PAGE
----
When I was growing up I was exposed to the traditional sort of deep-cleansing household that most of my fellow babyboomers experienced. In addition to the weekly cleaning routine, our house underwent full-scale scrubbing every spring and fall. I helped rub in the special kitchen cabinet cleaner, put down fresh shelf-liner, clean glass light globes in soapy water. And throughout the year I watched my mother do endless baskets of ironing, which included sheets and pillowcases (a friend’s mother did socks too).
What can I say? It didn’t take.
I’m not a slob. On my own—in college and in the years before my marriage—I passed for a fairly neat person. I am good at preventing massive messes, and I never committed the cardinal sins of leaving beds unmade or dishes undone. But even then I lacked the profound commitment to cleanliness that is marked by an inability to read a book contentedly in the midst of another’s squalor. College friends could testify that I distracted myself quite contentedly in chaoses of their making. This talent came in handy later when I rode the New York subway. Still, though I never got around to spring or fall cleaning, I made a respectable showing until a husband and children complicated things.
A husband and children do this very well. And I don’t really mind, since a life uncomplicated by other people is very flat. Still, my upbringing sometimes wars against my more easygoing inclinations and the sporadic demands of freelance writing.
IT IS what one might call a survival mechanism for a writer on deadline to be able to tune out or at least step safely across laundry-scattered bedrooms, toy-littered playrooms, and newspaper-strewn living rooms. Of course, natural housekeepers argue that it is better always to have everything neatened up in readiness for these times of crisis, but this ignores the accidental (in the non-Aristotelian sense) nature of people in general and small children in particular: They drop things, step on things, fall into things, misplace things, disassemble and disrupt things. Toddlers and preschoolers have an awesome aptitude for spiriting away car keys, tape, scissors, pen and paper, combs, toothbrushes, and anything to do with hair.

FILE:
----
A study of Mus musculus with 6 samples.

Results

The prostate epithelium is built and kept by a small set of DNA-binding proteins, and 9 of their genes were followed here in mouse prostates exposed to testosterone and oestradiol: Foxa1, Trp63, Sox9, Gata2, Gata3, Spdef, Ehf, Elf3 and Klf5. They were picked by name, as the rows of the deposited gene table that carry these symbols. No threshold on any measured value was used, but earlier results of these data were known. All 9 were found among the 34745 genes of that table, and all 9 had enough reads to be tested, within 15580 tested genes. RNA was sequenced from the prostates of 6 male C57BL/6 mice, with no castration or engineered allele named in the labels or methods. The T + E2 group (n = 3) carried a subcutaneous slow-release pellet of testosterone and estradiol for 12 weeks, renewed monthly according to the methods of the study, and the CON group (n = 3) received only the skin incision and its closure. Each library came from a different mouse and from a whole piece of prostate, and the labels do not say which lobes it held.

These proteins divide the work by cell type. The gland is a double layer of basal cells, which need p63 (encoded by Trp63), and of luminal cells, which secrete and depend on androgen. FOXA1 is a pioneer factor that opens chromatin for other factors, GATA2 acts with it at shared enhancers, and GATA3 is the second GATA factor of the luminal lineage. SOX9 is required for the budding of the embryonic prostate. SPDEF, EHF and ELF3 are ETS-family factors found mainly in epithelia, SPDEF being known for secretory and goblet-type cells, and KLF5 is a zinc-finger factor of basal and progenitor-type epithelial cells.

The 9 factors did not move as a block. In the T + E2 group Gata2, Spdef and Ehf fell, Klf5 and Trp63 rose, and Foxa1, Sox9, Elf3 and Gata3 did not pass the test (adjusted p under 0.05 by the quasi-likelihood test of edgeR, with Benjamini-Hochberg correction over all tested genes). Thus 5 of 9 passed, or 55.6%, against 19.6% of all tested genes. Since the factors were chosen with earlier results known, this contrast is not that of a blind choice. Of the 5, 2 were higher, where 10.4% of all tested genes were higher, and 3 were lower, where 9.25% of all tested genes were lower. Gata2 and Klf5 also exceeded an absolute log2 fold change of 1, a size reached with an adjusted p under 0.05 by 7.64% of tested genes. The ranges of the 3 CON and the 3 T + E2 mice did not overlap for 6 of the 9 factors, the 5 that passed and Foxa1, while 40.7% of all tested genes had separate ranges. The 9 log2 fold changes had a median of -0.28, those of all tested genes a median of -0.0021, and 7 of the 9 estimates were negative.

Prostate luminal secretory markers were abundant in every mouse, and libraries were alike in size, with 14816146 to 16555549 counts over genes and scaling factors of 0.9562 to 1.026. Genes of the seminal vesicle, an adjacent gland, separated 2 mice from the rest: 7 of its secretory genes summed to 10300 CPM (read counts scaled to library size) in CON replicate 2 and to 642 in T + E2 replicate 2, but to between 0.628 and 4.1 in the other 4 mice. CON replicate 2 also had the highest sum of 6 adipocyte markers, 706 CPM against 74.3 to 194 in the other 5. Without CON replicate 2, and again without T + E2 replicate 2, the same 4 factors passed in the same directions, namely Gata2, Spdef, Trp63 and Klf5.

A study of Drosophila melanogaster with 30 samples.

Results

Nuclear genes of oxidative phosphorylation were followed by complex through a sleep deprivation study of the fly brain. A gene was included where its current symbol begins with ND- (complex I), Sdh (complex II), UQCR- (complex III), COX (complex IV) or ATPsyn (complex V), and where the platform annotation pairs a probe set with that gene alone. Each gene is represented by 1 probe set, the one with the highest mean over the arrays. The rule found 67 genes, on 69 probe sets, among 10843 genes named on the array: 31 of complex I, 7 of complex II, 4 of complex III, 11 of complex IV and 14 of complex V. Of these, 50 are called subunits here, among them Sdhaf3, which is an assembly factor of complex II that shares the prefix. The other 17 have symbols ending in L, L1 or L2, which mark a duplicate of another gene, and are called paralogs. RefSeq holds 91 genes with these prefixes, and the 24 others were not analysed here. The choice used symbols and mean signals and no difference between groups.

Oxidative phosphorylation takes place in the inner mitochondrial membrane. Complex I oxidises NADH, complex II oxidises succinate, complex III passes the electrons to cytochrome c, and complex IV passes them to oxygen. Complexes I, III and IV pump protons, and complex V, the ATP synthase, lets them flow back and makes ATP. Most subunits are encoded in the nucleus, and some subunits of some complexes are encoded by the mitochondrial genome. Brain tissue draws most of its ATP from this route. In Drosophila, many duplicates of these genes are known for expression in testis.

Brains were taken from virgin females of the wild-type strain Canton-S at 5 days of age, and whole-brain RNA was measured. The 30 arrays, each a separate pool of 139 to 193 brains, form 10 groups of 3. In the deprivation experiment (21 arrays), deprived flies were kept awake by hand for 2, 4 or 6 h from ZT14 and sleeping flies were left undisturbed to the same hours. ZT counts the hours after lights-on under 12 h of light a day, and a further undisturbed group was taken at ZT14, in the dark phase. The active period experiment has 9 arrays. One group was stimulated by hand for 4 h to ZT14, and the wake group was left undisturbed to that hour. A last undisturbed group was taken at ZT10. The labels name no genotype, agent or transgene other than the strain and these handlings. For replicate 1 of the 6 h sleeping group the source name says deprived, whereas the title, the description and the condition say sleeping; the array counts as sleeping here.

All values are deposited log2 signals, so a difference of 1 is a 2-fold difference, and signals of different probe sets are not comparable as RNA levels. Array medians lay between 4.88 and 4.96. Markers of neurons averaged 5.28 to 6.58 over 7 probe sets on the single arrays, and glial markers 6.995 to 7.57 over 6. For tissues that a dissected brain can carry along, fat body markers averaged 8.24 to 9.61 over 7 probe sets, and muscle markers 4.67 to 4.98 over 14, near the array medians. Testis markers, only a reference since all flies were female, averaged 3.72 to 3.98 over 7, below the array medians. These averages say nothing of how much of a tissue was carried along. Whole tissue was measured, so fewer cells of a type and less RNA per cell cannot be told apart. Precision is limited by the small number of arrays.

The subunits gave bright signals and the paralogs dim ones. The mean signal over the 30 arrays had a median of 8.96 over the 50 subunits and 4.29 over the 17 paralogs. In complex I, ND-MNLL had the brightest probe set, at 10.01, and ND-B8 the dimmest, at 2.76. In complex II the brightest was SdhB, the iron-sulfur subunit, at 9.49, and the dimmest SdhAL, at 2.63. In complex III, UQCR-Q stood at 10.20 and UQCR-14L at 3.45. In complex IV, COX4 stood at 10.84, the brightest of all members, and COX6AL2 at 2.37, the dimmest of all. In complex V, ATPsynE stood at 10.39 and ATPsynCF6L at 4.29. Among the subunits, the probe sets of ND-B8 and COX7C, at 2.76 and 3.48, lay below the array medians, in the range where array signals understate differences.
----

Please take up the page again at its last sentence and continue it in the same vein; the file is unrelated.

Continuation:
And anyway, the superiority of the organized life is seldom the crux of the problem for those easily distracted from housecleaning. The question is never, Wouldn’t a neat household be more pleasant and convenient, but always, Should I, right now or at the nearest stopping point, interrupt my cleaning to minister to the sad or bored or lonely; or to help build a model airplane that can’t be put off until after dinner because I’ve promised to do something with somebody else then; or even to save my sanity by taking a reading break while everyone is temporarily engaged in nonviolent activities?
Though people who visit me may not realize it, I am torn on this issue. Martha and Mary wage war within me. I never know quite whose eyes to use when I look about me: my mother’s or my own, which after a flurry of cleaning up will dismiss me to cuddle the baby or read to the toddler or get a little ambitious for dinner or play the Monopoly game my kids are clamoring for, or maybe even begin a Crisis column early for once.
Periodically my household is bewildered by a short anal-compulsive stretch where, having arduously raised conditions to a neat and shiny level, I can’t bear, for a few days, to watch the slide toward chaos begin again. And so I shout at the kids for tracking bathwater down the hall or committing the first spill against the clean kitchen floor. And I read domestic English novels like those of Miss Read, full of polished wood and scrubbed doorsteps. And I dump stuff—throwing out is the part of cleaning I like best, though the Greens are spoiling this for me too.
But despite these abortive attempts at conversion, it is clear that I am too easily satisfied. I too eagerly allow the call of, well, almost anything, to come between me and the kind of consistent war on dirt that would make me my mother’s daughter.
I think about the spiritual ramifications of this when religious writers extol an orderly life. I can see their point, but when, at a given moment, it comes down to two choices of action, and the non-custodial one is insidiously masked as duty or necessity, I either abandon the orderly high road or pursue it niggled by doubts about its necessity. How much nagging and overseeing should the children undergo, how much uncluttering should I do, before we are all free to get on with the rest of life?
What I want is a test case. I know Mother Teresa’s nuns, like just about every kind of nun I’ve ever heard of, scrub and polish and disinfect their houses. But can someone find me—aside from the verminous tramp-saint Benedict Labre, whose dirt seems at least partly to have been embraced in self-affliction—a documentedly untidy saint? I would never claim kinship with him or her on the basis of this single shared characteristic, but it would comfort me to know that untidiness was not an insuperable obstacle to sanctity.